Lupus affects an estimated 1 million Americans. Known to damage the skin, joints and other internal organs, presently this chronic autoimmune condition has no particular cure. However researchers now claim to have developed DNA compounds that could help treat lupus.
The research is a joint effort of a team of scientists led by University of Iowa investigator including researchers at the Boston University School of Medicine. The researchers have supposedly generated DNA-like compounds that inhibit the cells which are primarily responsible for the most common and serious form of lupus called as systemic lupus erythematosus.
The researchers’ laboratory experiments demonstrate the anti-inflammatory effects of class R inhibitory oligonucleotides. The team reveals that in people with lupus periodic flare-ups cause the immune system to generally overreact. This leads the immune system to attack cells and tissues throughout the body mistakenly, consequently resulting in a range of symptoms. Inflammation, pain and a characteristic ‘butterfly rash’ across the cheeks are some common symptoms.
“The increased potency of class R inhibitory oligonucleotides for certain cells involved in lupus flare-ups could help patients by providing specific inhibition, yet allowing them to generate a protective immune response when needed,” explained the study’s lead author, Petar Lenert, M.D., Ph.D., assistant professor of internal medicine at the University Of Iowa Roy Carver College Of Medicine. “With further testing, we hope that class R inhibitory oligonucleotides may become another weapon in the fight against lupus.”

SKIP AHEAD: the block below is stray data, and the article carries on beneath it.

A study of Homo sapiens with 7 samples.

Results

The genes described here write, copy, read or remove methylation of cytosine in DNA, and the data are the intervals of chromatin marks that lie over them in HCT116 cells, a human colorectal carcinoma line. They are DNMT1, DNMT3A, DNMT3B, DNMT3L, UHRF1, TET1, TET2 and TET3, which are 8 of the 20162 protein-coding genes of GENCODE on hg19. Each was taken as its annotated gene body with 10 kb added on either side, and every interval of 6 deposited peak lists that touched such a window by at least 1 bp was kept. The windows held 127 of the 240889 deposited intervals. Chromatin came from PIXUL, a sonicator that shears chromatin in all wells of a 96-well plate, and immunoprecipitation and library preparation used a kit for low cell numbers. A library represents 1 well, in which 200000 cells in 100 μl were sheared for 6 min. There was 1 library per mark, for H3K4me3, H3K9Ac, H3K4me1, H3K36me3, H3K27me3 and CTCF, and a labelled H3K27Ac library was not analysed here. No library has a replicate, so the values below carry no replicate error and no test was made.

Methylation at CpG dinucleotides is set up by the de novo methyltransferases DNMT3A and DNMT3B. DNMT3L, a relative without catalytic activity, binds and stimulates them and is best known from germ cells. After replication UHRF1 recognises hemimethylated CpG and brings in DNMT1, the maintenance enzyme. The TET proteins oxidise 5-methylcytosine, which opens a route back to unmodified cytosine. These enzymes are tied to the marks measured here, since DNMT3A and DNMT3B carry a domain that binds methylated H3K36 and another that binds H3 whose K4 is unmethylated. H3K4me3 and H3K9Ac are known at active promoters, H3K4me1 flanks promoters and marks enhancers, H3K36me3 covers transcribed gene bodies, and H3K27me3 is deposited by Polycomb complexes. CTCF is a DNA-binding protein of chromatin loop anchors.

As part of the experiment Lenert and his colleagues used human cell lines and isolated mouse cells. They then exhibited how the DNA-like compounds were capable of selectively reducing the activity of two types of immune cells namely autoreactive B cells and dendritic cells. These compounds were found to delay death while also lowering kidney damage when administered to mice with lupus. Researchers suggest that the effectiveness of these compounds could prove to be beneficial in the treatment of lupus.
More common in women than men, the prevalence of lupus differs by country and ethnicity. While 9 out of 10 people with lupus are females, the condition is also known to be three times more common in African-American women than in Caucasian women. It is also found to exist in a large number of women having Latino, Asian and Native American descent.
The research is printed in the Arthritis Research and Therapy journal. Additional information can be found at the University of Iowa via EurekaAlert!